Published: 10th Nov, 2022


The Finance Ministry has finalized the framework to issue Sovereign Green Bonds (SGB).


  • The plan to issue sovereign green bonds was announced in the 2022/2023 Budget as a part of overall market borrowing with the intention to use the funds to build green infrastructure.

Where the fund would be utilised?

  • The bonds will focus on funding solar power projects, followed by wind and small hydro projects.
    • The proceeds from green bonds will not be used to fund hydropower plants larger than 25 MW, nuclear projects and any biomass-based power generation with biomass originating from protected areas.
  • The government intends to mobilize Rs 16,000 crore from the issuance of green bonds during the second half of the current financial year.
  • The announcement is in sync with India’s commitment to achieving net-zero carbon emissions by 2070, made in COP26.

Knowing the Terms

Green Bonds

  • Green bonds are issued by companies, countries, and multilateral organizations to exclusively fund projects that have positive environmental or climate benefits and provide investors with fixed-income payments.
  • A green bond, like other bonds, involves an entity issuing a debt instrument to raise funds from investors.
  • However, the difference is that proceeds of a green bond offering are earmarked for use towards financing green projects, according to the Securities and Exchange Board of India (SEBI).

Benefits of Green Bonds

Challenges associated

  • Showcasing commitment towards sustainable development
  • Lower interest rate
  • Fulfilling green commitments
  • Attracting Foreign investment
  • Crucial in increasing financing to sunrise sectors
  • Misuse of funds
  • Lack of guidelines
  • Time-taking process
Sovereign green bond
  • A sovereign green bond is a fixed-income instrument, issued by the government, to raise capital for the environment- or climate-related projects.
  • Sovereign green bonds are an extension of green bonds, but here the government gets to borrow money.
  • Unlike in the case of green bonds, regular papers raise funds that have no strings attached i.e., can be used for any kind of project.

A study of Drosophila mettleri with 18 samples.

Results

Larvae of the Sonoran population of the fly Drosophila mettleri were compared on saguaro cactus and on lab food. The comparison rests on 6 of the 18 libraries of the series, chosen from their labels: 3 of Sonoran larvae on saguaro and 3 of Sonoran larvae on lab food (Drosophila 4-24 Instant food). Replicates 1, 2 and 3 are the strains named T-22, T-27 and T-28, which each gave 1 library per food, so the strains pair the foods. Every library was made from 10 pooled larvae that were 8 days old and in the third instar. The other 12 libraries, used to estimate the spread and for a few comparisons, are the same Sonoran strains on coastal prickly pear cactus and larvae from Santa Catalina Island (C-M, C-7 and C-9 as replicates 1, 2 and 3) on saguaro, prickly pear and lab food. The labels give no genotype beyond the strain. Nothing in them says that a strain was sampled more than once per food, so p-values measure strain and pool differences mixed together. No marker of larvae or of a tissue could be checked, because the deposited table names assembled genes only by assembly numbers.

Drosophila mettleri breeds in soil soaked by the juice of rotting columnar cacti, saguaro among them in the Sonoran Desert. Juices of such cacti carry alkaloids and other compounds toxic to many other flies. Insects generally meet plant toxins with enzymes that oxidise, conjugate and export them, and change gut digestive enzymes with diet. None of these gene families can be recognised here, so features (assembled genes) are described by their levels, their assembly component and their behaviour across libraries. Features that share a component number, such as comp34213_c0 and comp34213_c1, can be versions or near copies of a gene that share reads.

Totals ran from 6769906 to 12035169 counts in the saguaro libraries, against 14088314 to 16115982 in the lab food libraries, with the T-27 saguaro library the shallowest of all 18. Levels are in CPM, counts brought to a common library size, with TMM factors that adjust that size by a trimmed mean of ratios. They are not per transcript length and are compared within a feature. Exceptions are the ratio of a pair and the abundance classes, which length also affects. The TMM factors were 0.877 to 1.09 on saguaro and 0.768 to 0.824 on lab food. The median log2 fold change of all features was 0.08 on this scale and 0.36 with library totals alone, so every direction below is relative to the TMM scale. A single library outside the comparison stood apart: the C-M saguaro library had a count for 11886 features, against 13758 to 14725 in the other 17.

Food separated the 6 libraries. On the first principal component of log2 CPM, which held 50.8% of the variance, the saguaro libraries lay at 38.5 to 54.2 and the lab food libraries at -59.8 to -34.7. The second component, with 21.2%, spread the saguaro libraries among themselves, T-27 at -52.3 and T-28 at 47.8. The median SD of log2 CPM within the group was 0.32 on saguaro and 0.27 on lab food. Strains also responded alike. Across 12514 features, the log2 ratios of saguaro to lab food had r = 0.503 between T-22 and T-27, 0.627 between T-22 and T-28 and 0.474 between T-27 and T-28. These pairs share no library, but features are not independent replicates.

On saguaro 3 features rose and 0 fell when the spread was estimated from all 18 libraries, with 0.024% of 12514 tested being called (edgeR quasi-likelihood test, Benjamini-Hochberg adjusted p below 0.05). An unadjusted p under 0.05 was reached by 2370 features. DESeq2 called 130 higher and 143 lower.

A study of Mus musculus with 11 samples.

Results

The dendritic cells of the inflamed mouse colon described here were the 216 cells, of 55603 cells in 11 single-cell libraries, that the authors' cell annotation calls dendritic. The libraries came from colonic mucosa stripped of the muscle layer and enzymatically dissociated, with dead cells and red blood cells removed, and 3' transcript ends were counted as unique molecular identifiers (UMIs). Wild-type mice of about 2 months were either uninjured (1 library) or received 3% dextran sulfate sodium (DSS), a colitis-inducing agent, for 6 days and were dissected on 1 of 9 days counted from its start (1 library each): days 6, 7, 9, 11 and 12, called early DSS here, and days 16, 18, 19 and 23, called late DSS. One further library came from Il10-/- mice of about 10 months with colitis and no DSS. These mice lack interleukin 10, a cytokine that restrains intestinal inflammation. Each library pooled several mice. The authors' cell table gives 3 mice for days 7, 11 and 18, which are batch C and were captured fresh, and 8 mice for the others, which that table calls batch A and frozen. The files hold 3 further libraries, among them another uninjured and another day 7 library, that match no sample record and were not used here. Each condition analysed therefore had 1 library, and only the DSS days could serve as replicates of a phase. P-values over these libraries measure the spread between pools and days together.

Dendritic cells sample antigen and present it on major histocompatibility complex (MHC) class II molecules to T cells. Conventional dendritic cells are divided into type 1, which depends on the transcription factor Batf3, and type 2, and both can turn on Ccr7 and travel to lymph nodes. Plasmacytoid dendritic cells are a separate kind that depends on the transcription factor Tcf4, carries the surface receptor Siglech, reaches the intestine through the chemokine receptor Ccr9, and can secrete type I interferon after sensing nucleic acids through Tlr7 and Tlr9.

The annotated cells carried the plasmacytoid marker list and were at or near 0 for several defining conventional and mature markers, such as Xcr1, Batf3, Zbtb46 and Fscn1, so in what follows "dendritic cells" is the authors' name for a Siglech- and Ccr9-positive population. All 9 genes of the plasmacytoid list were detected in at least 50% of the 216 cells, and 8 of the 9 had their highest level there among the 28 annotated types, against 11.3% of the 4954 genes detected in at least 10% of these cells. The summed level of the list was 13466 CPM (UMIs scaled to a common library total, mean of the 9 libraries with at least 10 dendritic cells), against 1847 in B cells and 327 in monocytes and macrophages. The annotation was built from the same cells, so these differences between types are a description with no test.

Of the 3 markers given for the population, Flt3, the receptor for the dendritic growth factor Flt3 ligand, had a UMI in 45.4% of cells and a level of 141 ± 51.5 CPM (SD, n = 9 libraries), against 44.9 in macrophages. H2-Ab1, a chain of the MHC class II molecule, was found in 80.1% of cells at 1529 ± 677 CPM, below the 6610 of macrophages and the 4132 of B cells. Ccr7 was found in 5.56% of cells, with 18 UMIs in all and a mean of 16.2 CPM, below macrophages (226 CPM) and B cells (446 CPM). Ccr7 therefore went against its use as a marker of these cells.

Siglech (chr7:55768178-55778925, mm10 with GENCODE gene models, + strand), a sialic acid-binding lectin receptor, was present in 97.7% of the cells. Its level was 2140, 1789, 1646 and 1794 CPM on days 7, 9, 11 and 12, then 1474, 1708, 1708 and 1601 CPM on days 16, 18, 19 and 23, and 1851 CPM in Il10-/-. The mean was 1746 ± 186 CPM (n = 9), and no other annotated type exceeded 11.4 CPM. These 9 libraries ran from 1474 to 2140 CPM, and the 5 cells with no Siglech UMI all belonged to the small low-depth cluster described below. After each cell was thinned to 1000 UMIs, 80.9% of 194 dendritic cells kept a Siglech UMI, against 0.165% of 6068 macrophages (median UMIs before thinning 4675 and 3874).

Situation so far:

  • Corporations have been issuing green bonds in India for a few years in a growing market, but the country’s global share stood at just 1% in the first half of 2022.
  • The sovereign push could lead the way toward more climate investment.
  • A clearer regulatory intervention will be crucial as a next step in the direction.

Green Bond Framework:

  • This Green Bond Framework (Framework) sets forth the obligations of the Government of India as a Green Bond issuer.
  • The Framework applies to all sovereign Green Bonds issued by the Government of India.
  • Payments of principal and interest on the issuances under this Framework are not conditional on the performance of the eligible projects.
  • Investors in bonds issued under this Framework do not bear any project-related risks.

Four core components as outlined by ICMA green bond principles are:

  • Use of proceeds
  • Project evaluation and selection
  • Management of proceeds
  • Reporting
  • Ministry of Finance reserves the right to modify this Framework according to international best practices; India’s international commitments and environmental priorities.
  • The framework is designed to comply with four components and key recommendations of the International Capital Market Association (ICMA) Green Bond Principles (2021).

Significance of Sovereign Guarantee to Green Bonds

  • Sovereign green issuance sends a powerful signal of intent around climate action and sustainable development to governments and regulators.
  • It will catalyze domestic market development and provides impetus to institutional investors.
  • It will provide benchmark pricing, liquidity, and a demonstration effect for local issuers, helping to support the growth of a local market.
  • With the IEA’s World Energy Outlook 2021, estimating that 70% of the additional USD 4 trillion spending to reach net zero is required in emerging/developing economies, sovereign issuance can help kickstart these large inflows of capital.